An Open Letter to Netflix
If there is one thing that I will be absolutely ashamed in admitting to you, it’s that I love television. Love it. Not in a turn-it-on-watch-whatever-all-TV-rocks kind of way, but in an I’m-overly-obsessed-with-15-shows-at-a-time kind of way, to the point where I could say that being able to watch the latest episode of Suits or Community could easily be the highlight of my day (week, year…).
In my ever-progressing relationship with the medium of television, I have come to recognize the recent tendency for “shows with a strong female lead” to be its own genre – what do you want to watch? A drama? A comedy? A strong female lead? You see it on Netflix, you see articles about it all over the internet. It’s trendy to watch television shows with “strong female leads.” Or perhaps, if you identify as male, it is emasculating to admit to someone else that your favorite show is classified by Netflix to be in this category…dude, you like a show where a girl gets to do something awesome every episode? Give me your man card. I, too, get excited about this category, joking to my man-friend the other day that “when I get a Netflix account, it’ll probably only suggest shows to me in one genre.”
So what does this category mean? What is the difference between a “female lead” and a “strong female lead”? It seems to me that according to Netflix, the difference is precisely – nothing. Any show that has 1) a person identifying as a woman in it, and 2) that woman talking or doing something, is a show with a “strong female”. Now, I don’t want to speak for Netflix or assume that I understand their motivations behind this…but maybe this is a hugely progressive and pro-woman decision on behalf of Netflix executives to make the statement “ALL WOMEN ARE STRONG, SO ALL TV SHOWS WITH FEMALE LEADS ARE TV SHOWS WITH STRONG FEMALE LEADS.”
Or maybe not.
Let’s take a quick moment to point out the obvious – Netflix does not have a category for “strong male leads,” let alone a category for “male leads.” The assumption is that TV shows probably have male leads, and that if they do, obviously they are “strong” male leads because that is natural, expected, unchangeable. So if the underlying assumption is that all television shows revolve around awesome, cool, powerful, respectable men, of course it’s important to point out how remarkable it is when a show doesn’t follow this mold. Hence, the introduction of “strong female lead.” Hmm..strong, female…almost an oxymoron, isn’t it?
Imagine if we had the category “TV Shows With A Weak Male Lead”? What would that mean? I guess we have to think about what a “weak male” is in our society. Perhaps a show in this category would have a male who cared more about romance than about his career. This male character could spend a significant amount of time worrying about his appearance, with a heavy emphasis on whether or not he was “thin enough” or “pretty enough” for someone else. Or perhaps we could get more dramatic, and he could consistently be rescued from dangerous situations by a female counterpart, instead of the other way around. He could be emotional or care more about photography or fashion than football. Emotions, caring about appearance, romance — none of this is what we consider “manly,” but all of this is what we consider feminine, and therefore weak. And you know what? I’m a woman, and I’m emotional, and I care about my appearance, and I’m in love with love, but I don’t think that makes me weak. I think that makes me, you know, a person.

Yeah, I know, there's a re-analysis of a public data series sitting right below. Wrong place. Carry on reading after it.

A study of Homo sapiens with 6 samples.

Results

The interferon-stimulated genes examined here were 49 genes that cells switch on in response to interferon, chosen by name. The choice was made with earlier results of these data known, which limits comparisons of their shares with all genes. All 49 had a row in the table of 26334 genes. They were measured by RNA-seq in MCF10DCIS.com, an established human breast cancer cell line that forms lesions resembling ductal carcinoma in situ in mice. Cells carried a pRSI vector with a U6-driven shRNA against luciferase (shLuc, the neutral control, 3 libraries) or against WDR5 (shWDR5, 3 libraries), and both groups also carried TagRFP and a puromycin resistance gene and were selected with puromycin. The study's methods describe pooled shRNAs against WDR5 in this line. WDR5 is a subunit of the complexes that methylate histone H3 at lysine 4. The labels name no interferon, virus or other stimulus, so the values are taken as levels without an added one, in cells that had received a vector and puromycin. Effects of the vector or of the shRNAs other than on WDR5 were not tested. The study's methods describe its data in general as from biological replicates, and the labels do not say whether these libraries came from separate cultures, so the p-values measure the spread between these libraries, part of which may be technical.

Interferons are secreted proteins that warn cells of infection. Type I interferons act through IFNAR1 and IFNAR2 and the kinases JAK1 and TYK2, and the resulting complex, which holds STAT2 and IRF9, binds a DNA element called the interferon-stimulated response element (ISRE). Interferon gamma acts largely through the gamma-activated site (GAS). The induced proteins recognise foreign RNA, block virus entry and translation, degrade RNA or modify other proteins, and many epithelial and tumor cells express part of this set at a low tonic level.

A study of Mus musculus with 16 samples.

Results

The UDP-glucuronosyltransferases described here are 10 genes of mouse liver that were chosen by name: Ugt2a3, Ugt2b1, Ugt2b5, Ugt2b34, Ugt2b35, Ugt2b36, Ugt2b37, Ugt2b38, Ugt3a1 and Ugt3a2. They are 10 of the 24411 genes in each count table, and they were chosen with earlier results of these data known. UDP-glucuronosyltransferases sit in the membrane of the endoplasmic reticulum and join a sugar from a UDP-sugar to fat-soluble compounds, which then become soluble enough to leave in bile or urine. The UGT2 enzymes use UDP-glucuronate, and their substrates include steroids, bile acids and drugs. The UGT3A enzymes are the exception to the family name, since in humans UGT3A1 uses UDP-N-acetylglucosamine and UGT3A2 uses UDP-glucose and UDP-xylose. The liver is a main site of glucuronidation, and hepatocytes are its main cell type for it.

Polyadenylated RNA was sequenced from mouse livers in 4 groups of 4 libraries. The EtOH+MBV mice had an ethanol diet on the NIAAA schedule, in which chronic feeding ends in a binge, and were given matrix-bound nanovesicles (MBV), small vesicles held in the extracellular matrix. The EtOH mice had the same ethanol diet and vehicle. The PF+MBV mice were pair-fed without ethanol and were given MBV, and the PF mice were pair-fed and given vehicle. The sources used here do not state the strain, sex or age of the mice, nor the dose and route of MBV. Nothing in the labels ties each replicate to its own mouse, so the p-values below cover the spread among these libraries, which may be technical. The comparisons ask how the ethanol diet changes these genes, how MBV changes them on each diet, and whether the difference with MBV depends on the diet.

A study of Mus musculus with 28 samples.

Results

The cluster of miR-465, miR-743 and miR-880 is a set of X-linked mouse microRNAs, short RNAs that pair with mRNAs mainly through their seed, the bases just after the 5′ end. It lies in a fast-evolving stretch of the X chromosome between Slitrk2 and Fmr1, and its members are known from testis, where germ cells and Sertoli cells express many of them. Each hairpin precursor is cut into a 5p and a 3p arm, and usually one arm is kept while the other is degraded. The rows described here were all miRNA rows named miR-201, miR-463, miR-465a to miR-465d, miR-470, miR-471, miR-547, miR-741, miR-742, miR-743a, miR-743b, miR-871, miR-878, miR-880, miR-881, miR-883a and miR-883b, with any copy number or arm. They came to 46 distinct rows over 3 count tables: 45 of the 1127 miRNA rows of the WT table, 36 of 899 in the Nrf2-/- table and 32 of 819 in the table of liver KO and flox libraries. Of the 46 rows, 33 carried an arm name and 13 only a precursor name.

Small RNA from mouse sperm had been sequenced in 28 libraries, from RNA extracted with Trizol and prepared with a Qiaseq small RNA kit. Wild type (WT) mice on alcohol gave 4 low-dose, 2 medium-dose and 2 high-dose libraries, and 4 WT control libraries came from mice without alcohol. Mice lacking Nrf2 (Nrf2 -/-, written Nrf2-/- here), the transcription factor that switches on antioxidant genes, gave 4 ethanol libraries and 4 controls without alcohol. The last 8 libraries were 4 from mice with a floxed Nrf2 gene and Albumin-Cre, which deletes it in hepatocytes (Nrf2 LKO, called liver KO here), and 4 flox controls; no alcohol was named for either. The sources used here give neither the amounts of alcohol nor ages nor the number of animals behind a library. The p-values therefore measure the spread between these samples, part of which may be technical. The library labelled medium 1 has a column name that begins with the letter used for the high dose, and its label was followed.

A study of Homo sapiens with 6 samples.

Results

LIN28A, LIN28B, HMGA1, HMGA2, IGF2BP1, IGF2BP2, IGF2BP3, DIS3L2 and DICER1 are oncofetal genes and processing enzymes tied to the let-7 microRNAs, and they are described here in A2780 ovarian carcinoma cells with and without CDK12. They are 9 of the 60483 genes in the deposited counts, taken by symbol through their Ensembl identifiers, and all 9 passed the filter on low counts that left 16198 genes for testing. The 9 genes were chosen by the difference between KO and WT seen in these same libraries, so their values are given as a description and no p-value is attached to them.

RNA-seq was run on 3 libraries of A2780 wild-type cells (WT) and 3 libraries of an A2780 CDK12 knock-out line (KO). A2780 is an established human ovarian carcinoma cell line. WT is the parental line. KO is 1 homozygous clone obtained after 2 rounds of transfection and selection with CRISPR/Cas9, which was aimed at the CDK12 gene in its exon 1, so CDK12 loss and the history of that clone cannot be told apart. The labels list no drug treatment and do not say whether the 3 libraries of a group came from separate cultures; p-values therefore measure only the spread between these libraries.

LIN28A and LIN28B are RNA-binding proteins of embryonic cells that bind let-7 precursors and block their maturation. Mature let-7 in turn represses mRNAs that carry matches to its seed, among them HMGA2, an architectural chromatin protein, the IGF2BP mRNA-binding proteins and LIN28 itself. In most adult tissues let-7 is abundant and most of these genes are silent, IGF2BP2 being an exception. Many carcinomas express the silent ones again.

But even as I want to recognize that there is nothing wrong with wearing your emotions on your sleeve or getting TOTALLY PUMPED when your shoes perfectly match your outfit (best day ever), I also want to remind everyone that there is more to women than just that. Women also have jobs, and you know, a lot of times we’re pretty good at them. Many of us go to school and care about school and do well in school. We have friends of all genders who we talk to about stuff that is not romance, but also sometimes stuff that is romance. It just depends. Sometimes we’re awesome at listening and other times we’re good at getting things done. And also there are probably lots of individuals who identify as women who totally-one-hundred-percent disagree with me. And that’s totally cool and also expected because we’re allowed to have opinions and get angry and talk about it and yell about it and learn from each other. And we can do all of that while also maybe being in love or maybe not being even a little bit in love.
So, Netflix, how about designing a rubric that determines when a woman is “strong” and when she’s not? It might sound like I’m being facetious (and okay, maybe I am), but let’s take this seriously. Netflix executives (Netflixecutives, if you will), it’s time we make a Bechdel Test for television, so that we can determine whether or not these shows are doing a good enough job of representing the women you see in the real world, out here where we are.
Admittedly, the Bechdel Test began as a joke, and the fact that so many films fail the test despite the embarrassingly low criteria proves that there is a problem. But the solution will require a rubric that has much higher standards for female characters. Here’s how it could look:
“TV Shows With Strong Female Leads”
Shows with women at the forefront who do more than just fall in love – they have jobs, opinions, and a purpose. They are heterosexual, homosexual, black, Asian, indigenous. They are interesting. They matter.
These women would represent the women I see every day – my friends, my peers, my professors, my bosses, my mother. I believe that women are strong, but I do not believe that women have been represented this way in television. Maybe Netflixecutives aren’t the right group of people to task with the job to challenge the norms of television, but if not them, who?